Hackers may have a perpetual shooting gallery of unpatched Android vulnerabilities at their disposal after it was disclosed today that Google no longer will provide WebView patches for older versions of its operating system.
Researchers at Rapid7 have made mincemeat of WebView in Android Jelly Bean, versions 4.0-4.3, and earlier. WebView is the component used to render webpages on Android devices. The Metasploit Framework, which is owned by Rapid7, contains 11 WebView exploits, most of them courtesy of researchers Rafay Baloch and Joe Vennix.
WebView, however, has been replaced in Android starting with version 4.4, known as KitKat. The new component comes from the Chromium code base and is the same as the one used in the Chrome browser. Google told Rapid7 researchers recently upon receipt of another pre-4.4 bug report that it would no longer patch WebView vulnerabilities and would support only KitKat and the latest version of Android, Lollipop.
“If the affected version [of WebView] is before 4.4, we generally do not develop the patches ourselves, but welcome patches with the report for consideration,” said Google’s response to the bug submission according to Tod Beardsley, senior manager of engineering at Rapid7. “Other than notifying OEMs, we will not be able to take action on any report that is affecting versions before 4.4 that are not accompanied with a patch.”
Putting the onus on OEMs may be in line with Google’s business model of supporting only current versions of its OS—Google provides patches for its Nexus devices and work with OEMs identifying vulnerabilities in older versions of Android—but it’s hardly a comfort for Android device owners.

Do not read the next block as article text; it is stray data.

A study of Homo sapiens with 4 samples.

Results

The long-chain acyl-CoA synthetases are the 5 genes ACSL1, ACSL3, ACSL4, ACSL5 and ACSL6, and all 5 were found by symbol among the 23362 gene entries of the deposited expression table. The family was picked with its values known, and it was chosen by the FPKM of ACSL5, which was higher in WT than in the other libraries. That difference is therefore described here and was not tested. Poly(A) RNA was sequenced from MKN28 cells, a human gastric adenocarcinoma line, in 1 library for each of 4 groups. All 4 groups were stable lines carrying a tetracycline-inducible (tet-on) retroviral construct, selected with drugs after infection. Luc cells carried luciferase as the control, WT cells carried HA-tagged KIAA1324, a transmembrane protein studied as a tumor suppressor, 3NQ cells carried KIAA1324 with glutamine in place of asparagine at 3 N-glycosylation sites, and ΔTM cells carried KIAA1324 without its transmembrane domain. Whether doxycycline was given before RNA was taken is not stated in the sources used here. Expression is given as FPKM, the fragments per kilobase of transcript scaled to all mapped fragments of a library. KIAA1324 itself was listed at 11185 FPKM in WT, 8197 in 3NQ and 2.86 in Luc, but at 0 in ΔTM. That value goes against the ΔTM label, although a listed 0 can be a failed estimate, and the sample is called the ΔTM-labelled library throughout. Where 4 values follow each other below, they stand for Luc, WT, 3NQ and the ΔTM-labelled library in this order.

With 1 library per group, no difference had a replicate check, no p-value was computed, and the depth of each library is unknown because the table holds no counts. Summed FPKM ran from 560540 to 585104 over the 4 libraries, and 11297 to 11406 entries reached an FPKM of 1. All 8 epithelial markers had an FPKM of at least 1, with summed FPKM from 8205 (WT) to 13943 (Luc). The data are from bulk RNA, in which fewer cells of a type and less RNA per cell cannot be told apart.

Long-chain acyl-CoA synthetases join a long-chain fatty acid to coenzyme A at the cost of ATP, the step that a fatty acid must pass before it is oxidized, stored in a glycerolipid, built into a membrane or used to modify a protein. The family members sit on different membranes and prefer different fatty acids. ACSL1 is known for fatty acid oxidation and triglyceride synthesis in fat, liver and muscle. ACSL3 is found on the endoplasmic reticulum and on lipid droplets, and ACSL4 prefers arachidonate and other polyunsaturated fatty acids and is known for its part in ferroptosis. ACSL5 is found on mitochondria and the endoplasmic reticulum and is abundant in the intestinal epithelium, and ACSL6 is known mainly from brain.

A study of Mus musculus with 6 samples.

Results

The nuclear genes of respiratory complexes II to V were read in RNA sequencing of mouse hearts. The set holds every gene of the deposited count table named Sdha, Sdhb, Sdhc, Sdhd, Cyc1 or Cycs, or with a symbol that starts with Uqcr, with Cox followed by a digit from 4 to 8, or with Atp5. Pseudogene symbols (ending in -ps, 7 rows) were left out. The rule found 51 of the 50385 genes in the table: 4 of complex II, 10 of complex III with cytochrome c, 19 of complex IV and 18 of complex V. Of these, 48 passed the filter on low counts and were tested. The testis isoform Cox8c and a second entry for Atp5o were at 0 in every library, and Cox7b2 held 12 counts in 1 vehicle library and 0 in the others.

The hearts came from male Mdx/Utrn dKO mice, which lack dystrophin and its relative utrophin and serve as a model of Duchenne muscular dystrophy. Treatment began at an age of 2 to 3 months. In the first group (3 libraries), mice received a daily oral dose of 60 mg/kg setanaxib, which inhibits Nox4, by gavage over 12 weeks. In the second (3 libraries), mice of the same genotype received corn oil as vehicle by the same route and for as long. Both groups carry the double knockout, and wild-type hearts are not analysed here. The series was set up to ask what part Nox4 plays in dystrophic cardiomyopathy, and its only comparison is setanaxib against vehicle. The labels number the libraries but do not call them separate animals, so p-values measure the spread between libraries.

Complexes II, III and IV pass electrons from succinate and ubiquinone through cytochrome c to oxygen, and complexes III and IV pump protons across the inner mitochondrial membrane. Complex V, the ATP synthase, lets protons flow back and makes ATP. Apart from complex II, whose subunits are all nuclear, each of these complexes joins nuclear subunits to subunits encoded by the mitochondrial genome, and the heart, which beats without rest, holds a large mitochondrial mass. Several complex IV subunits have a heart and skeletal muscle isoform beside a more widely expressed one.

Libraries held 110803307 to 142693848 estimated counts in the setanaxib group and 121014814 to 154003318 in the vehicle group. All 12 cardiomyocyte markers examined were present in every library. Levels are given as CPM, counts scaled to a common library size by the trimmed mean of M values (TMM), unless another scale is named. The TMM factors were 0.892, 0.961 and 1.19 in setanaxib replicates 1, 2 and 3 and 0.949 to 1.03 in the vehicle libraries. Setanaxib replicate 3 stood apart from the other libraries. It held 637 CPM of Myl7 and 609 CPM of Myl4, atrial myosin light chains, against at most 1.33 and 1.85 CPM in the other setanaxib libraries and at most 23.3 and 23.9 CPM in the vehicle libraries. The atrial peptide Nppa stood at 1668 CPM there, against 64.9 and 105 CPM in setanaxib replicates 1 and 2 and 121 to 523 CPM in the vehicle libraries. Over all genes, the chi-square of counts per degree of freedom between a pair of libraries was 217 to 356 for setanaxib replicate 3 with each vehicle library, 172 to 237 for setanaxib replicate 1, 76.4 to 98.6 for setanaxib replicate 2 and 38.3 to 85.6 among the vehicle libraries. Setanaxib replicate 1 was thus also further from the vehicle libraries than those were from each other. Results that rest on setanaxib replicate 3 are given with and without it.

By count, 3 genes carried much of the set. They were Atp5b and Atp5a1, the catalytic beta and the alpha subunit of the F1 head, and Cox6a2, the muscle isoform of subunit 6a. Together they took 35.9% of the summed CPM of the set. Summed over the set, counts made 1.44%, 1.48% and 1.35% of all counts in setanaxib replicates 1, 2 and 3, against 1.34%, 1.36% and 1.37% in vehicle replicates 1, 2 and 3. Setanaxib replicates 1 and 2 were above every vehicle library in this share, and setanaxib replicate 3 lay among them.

“Yes, it’s certainly a big deal for affected users, but not directly Google’s fault or responsibility,” said Jon Oberheide, CTO of Duo Security. “Google maintains the AOSP code, where this vulnerability is patched, and it’s up the the OEMs to patch their respective devices and ensure the OTA updates are delivered by carriers.
Relying on carriers to deliver updates, however, has been a fool’s errand. Very few follow through with updates despite the best efforts of the federal government to crack down on major carriers and handset makers for their lack of cooperation.
“Unfortunately, as we’ve seen in the past (eg. from our X-Ray project), OEMs and carriers are quite terrible at timely patching of security vulnerabilities so these will likely go unpatched for some time, if not indefinitely, leaving users exposed,” Oberheide said.
The U.S. Federal Trade Commission in 2013 hammered handset maker HTC for failing to address vulnerabilities in its Android mobile devices that exposed consumers to malware attacks, the loss of personal information and even physical harm in stalking cases. The two parties reached a costly settlement for HTC which was ordered to develop and release patches for its devices, establish a security program and submit to regular security assessments for 20 years.
Later that year, the American Civil Liberties Union (ACLU) filed a complaint with the FTC calling out Verizon, AT&T, Sprint-Nextel and TMobile for their reluctance in patching Android vulnerabilities. The complaint asked the FTC to force carriers to warn users about unpatched vulnerabilities and give customers the option to leave their carrier contracts behind in such cases, without penalties.
Beardsley said Google told Rapid7 that it no longer certifies third-party devices that include the Android browser and updating to the latest Android version is the best way to stay up to date on security.
“On its face, this seems like a reasonable decision. Maintaining support for a software product that is two versions behind would be fairly unusual in both the proprietary and open source software worlds; heck, many vendors drop support once the next version is released, and many others don’t have a clear End-Of-Life (EOL) policy at all,” Beardsley said.
However, according to the Android Developers Dashboard, 60 percent of Android users are on Jelly Bean 4.3 or older, an estimate of 930 million out of date Android devices, Beardsley said.
“The update chain for Android already requires the handset manufacturers and service carriers to sign off on updates that are originated from Google, and I cannot imagine this process will be improved once Google itself has opted out of the patching business,” Beardsley said. “After all, is AT&T or Motorola really more likely to incorporate a patch that comes from some guy on the Internet?”